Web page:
Evaluation Hell, Part 2

Beginning tomorrow we will do 6 or so evaluations in 3 weeks. We start with what my school district calls the math benchmark test. The next day is the reading quarterly assessment known as the 4Sight test. Then the quantitative spelling inventory which we used to call the “bed, ship, bump”. We will take another SRI (Scholastic Reading Inventory), and then it will be time to take the reading benchmark test. The real fun is between the 2nd and third quarters when we do all of these AND the Reading, Math and Science CRT’s (we’re lucky because fourth grade does all that AND the Terra Nova (2 reading tests, 2 math, spelling, language, and more). Remember this is besides any quizzing, testing or evaluative pieces the teacher does. Nevada just cut schools 14% and is about to ask for more. But none of this expensive in money and time testing gets cut.

BTW, a few of us listed what we think is the total number of evaluations that are mandated. We counted 27 per year (but add the Terra Nova testing that takes 5 days to that for the fourth grade total). And who knows, we might get picked to take the NAEP test again too!

Learning is a mess?


  1. I must have missed part one. But this part is out of control. I know from experience that these different tests tend to give contradictory results. And where does all the data go? We know where the money and time goes.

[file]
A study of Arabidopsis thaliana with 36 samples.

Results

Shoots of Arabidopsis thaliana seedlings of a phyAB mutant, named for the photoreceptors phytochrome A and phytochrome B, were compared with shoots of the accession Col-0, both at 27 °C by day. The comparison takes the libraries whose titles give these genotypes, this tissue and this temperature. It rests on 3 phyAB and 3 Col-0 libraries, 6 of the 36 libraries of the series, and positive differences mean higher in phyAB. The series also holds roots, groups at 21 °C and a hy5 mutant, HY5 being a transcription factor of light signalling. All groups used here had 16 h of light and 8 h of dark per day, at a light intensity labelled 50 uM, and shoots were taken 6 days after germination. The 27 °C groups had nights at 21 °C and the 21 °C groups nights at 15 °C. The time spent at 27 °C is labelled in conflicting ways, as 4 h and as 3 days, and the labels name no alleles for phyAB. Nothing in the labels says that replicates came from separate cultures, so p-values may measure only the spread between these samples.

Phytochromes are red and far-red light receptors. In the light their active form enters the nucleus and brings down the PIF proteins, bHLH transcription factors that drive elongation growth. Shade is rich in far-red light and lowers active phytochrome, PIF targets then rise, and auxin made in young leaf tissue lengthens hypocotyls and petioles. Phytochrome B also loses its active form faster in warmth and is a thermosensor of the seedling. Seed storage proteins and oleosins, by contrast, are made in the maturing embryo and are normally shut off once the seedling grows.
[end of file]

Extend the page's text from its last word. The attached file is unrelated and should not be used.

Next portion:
As crazy as news from Alaska may sound lately, nothing like this is happening around here. We still just have the direct, garden variety types of corruption.

  2. Doug … yes my title may be a bit misleading … it refers to the fact that this is the 2nd round of testing this year. We already did much of this the first few weeks of school. We’ve barely had time to use that data and here we go again!

  3. It’s absolutely insane. Especially because we’re talking about such small people taking all these tests. I did the math last year and figured out that my fifth graders were taking standardized tests on 5% of our school days.That’s one of the pluses to teaching first grade this year, very few standardized tests.

  4. One of the best and funniest analogies I’ve heard about too much standardized testing is:

    You don’t make a pig fatter by weighing it!